That’s the number of chickens killed for human consumption.
That’s over 1.5 million per day.
That’s 551 million for the year.
4.5 percent of chicken meat was exported.
That left the equivalent of 526 million chickens.
To feed (at that time) around 22 million people.
That’s 24 chickens for every man, woman and child.
The industry predicts that the number will increase to 628 million in 2015/16.
Figure 1: Chicken meat production in Australia
That’s nearly 1,200 per minute.
Chickens are beautiful and intelligent animals.
Not that beauty and intelligence should determine whether or not an animal is killed for food.
There is no need.
Apart from the slaughter process, chickens grown for meat suffer immense cruelty during their short lives.
Here’s a short clip of a sanctuary hen teaching and protecting her chick.
If you care to watch, perhaps think of a human mother teaching and protecting her young child.
Chickens and other animals used for food deserve much better than the horrendous lives we impose upon them. They are not here to serve humans.
Besides, by channeling grains through animals who are then killed to be eaten, we are causing other humans to starve due to the waste involved in an inherently inefficient system. The Food and Agriculture Organization of the United Nations reported in 2013 that 842 million people in 2011-13 were estimated to be suffering from chronic hunger.
After allowing for yield, 2.35 kilograms of grain needs to be fed to chickens to produce 1 kilogram of chicken meat. That’s equivalent to a loss of 57 percent.
The Australian Chicken Meat Federation has reported that chicken feed generally comprises 85-90 percent grains, such as wheat, sorghum, barley, oats, lupins, soybean meal, canola and other oilseed meals and grain legumes. The balance consists mainly of meat and bone meal and tallow.
We are also contributing massively to climate change and other environmental problems by causing far more resources (including land and fertiliser) to be used than would otherwise be required. As I have reported elsewhere, the greenhouse gas emissions intensity of chicken meat is many times that of plant-based alternatives of comparable nutritional value.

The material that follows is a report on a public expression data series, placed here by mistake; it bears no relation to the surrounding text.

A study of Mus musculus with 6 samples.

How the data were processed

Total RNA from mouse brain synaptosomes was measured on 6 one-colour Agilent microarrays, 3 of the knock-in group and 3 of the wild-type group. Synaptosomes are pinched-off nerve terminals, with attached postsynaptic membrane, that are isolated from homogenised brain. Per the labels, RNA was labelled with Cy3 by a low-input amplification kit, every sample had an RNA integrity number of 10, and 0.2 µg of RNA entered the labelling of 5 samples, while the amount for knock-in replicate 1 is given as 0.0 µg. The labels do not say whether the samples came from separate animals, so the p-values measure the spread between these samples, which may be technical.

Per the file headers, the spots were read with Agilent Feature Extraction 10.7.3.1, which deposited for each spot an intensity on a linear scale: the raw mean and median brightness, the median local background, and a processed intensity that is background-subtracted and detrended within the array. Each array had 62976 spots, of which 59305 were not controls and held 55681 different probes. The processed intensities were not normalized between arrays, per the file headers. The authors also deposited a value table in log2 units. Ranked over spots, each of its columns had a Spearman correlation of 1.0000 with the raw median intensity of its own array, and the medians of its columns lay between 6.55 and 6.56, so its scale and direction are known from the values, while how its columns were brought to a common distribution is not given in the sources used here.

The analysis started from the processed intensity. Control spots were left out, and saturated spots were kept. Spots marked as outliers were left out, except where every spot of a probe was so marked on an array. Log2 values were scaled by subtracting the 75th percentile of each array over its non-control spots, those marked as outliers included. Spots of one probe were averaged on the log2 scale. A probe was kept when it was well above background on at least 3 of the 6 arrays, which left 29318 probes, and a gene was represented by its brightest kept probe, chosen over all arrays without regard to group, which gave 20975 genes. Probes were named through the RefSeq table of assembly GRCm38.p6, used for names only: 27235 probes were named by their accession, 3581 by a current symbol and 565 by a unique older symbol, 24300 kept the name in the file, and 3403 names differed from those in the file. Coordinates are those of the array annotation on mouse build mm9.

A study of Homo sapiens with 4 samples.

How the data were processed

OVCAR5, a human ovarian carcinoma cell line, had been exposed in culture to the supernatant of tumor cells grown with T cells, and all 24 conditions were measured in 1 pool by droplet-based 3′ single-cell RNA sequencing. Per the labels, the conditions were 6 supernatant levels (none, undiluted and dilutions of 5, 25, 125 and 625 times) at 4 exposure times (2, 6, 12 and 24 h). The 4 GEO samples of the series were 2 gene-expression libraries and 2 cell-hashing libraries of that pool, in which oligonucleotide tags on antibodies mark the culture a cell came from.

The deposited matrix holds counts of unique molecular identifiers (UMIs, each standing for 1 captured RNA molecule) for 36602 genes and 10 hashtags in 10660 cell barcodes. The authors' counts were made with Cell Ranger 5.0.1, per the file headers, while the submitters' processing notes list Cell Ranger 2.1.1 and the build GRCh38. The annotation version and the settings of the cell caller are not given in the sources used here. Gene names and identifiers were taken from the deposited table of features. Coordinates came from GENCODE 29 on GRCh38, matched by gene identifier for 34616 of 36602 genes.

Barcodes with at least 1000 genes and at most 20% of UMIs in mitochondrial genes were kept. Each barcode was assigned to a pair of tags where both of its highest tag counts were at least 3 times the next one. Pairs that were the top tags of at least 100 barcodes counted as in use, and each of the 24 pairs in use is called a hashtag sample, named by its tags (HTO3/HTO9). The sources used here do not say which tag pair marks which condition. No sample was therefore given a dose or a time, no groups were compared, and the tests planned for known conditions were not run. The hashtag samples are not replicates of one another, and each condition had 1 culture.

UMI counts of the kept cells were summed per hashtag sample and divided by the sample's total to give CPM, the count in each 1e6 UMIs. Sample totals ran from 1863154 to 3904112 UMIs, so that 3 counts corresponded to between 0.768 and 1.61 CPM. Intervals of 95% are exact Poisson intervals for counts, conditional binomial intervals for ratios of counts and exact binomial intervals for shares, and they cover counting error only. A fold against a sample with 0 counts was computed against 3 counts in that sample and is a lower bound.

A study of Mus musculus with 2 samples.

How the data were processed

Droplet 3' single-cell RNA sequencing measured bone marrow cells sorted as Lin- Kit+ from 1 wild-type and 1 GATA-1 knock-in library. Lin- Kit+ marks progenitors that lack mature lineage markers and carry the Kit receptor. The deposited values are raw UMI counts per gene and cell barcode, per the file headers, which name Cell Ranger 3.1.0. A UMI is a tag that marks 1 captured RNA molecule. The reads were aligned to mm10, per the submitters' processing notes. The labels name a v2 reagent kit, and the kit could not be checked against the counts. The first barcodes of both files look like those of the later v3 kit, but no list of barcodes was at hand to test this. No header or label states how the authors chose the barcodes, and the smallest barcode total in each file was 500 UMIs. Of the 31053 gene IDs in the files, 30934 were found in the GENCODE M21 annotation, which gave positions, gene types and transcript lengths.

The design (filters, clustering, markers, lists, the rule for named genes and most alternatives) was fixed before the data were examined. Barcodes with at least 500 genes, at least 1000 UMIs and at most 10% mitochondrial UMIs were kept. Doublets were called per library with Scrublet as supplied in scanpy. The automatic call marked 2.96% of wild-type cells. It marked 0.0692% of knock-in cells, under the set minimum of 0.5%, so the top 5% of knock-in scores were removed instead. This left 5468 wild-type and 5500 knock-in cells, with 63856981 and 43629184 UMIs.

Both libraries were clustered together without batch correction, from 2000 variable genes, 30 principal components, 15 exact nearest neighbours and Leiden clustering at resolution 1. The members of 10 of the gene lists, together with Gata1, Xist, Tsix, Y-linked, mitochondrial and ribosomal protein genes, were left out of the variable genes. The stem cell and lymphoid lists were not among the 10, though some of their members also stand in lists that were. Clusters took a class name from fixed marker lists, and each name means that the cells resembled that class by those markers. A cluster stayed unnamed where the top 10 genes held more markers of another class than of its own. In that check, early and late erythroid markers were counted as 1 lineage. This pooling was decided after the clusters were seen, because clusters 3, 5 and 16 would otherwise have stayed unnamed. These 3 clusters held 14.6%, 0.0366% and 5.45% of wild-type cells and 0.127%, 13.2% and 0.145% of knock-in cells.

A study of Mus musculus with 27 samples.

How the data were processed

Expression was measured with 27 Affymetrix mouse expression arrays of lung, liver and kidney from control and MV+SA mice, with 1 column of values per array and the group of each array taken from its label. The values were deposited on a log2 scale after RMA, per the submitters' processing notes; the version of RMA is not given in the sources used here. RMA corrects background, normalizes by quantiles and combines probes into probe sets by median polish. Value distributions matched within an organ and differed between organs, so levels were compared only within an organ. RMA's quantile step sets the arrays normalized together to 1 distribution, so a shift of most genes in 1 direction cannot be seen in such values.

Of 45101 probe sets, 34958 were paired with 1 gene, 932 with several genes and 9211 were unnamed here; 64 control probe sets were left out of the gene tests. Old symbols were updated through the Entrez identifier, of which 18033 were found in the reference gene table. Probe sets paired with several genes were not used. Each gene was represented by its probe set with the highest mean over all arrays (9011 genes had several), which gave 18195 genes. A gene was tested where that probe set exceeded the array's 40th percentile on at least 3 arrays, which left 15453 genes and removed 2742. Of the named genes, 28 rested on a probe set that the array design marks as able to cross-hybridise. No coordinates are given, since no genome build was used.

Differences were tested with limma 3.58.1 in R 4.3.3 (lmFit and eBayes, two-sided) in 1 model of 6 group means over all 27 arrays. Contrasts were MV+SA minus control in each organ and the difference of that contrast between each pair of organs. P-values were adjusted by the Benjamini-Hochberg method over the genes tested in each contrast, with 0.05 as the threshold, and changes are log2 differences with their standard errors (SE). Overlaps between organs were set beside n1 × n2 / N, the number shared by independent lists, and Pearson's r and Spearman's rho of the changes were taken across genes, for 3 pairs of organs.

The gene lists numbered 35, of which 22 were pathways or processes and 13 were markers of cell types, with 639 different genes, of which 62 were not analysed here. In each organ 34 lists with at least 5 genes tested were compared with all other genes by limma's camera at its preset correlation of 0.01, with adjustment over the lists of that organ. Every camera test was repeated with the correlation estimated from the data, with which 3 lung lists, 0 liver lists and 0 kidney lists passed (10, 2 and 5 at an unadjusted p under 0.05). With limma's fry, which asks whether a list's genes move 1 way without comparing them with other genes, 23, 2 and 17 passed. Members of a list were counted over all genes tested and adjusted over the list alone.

Bad for chickens.
Bad for people.
Bad for the planet.
If you haven’t done so already, isn’t it time to change?
Department of Agriculture, Fisheries and Forestry, “Australian Food Statistics 2011/12”, Table 2.4, Supply and use of Australian meats, http://www.daff.gov.au/__data/assets/pdf_file/0007/2269762/daff-foodstats-2011-12.pdf
Chicken’s feed conversion figure: Australian Chicken Meat Federation, Industry facts and figures, “Production Efficiency”, http://www.chicken.org.au/page.php?id=4 (accessed 7th May, 2014).
Chicken meat yield from live weight: United States Department of Agriculture Economic Research Service, “Agricultural Handbook No. 697”, June, 1992 (website updated 10 September, 2013), “Weights, Measures, and Conversion Factors for Agricultural Commodities and Their Products”, http://www.ers.usda.gov/publications/ah-agricultural-handbook/ah697.aspx#.U0ihR6Ikykw
Animals Australia “Broiler Chicken Fact Sheet”, http://www.animalsaustralia.org/factsheets/broiler_chickens.php (accessed 31 May, 2014)
Australian Chicken Meat Federation, “Growing Meat Chickens – Feed”, http://www.chicken.org.au/page.php?id=6#Feed (accessed 31 May, 2014)
Mahony, P., “The Electric Cow”, 27 May, 2014, https://terrastendo.net/2014/05/27/the-electric-cow/
Food and Agriculture Organization of the United Nations, “The State of Food Insecurity in the World 2013 “, http://www.fao.org/publications/sofi/en/
Main image created by author.
Chicken meat production chart: Australian Chicken Meat Federation, Industry Facts and Figures, Chicken Meat Production in Australia, http://www.chicken.org.au/page.php?id=4 (accessed 31 May, 2014)
Exerpt from “Peaceable Kingdom – the journey home” by Tribe of Heart, 2009, http://www.peaceablekingdomfilm.org/
Postscript 2nd June, 2014: Globally in 2011, we killed a staggering 110,000 chickens per minute for human consumption, or 58 billion in total. That’s around 105 times the number killed in Australia. Here is a list of slaughter numbers by animal, from the Food and Agriculture Organization of the United Nations.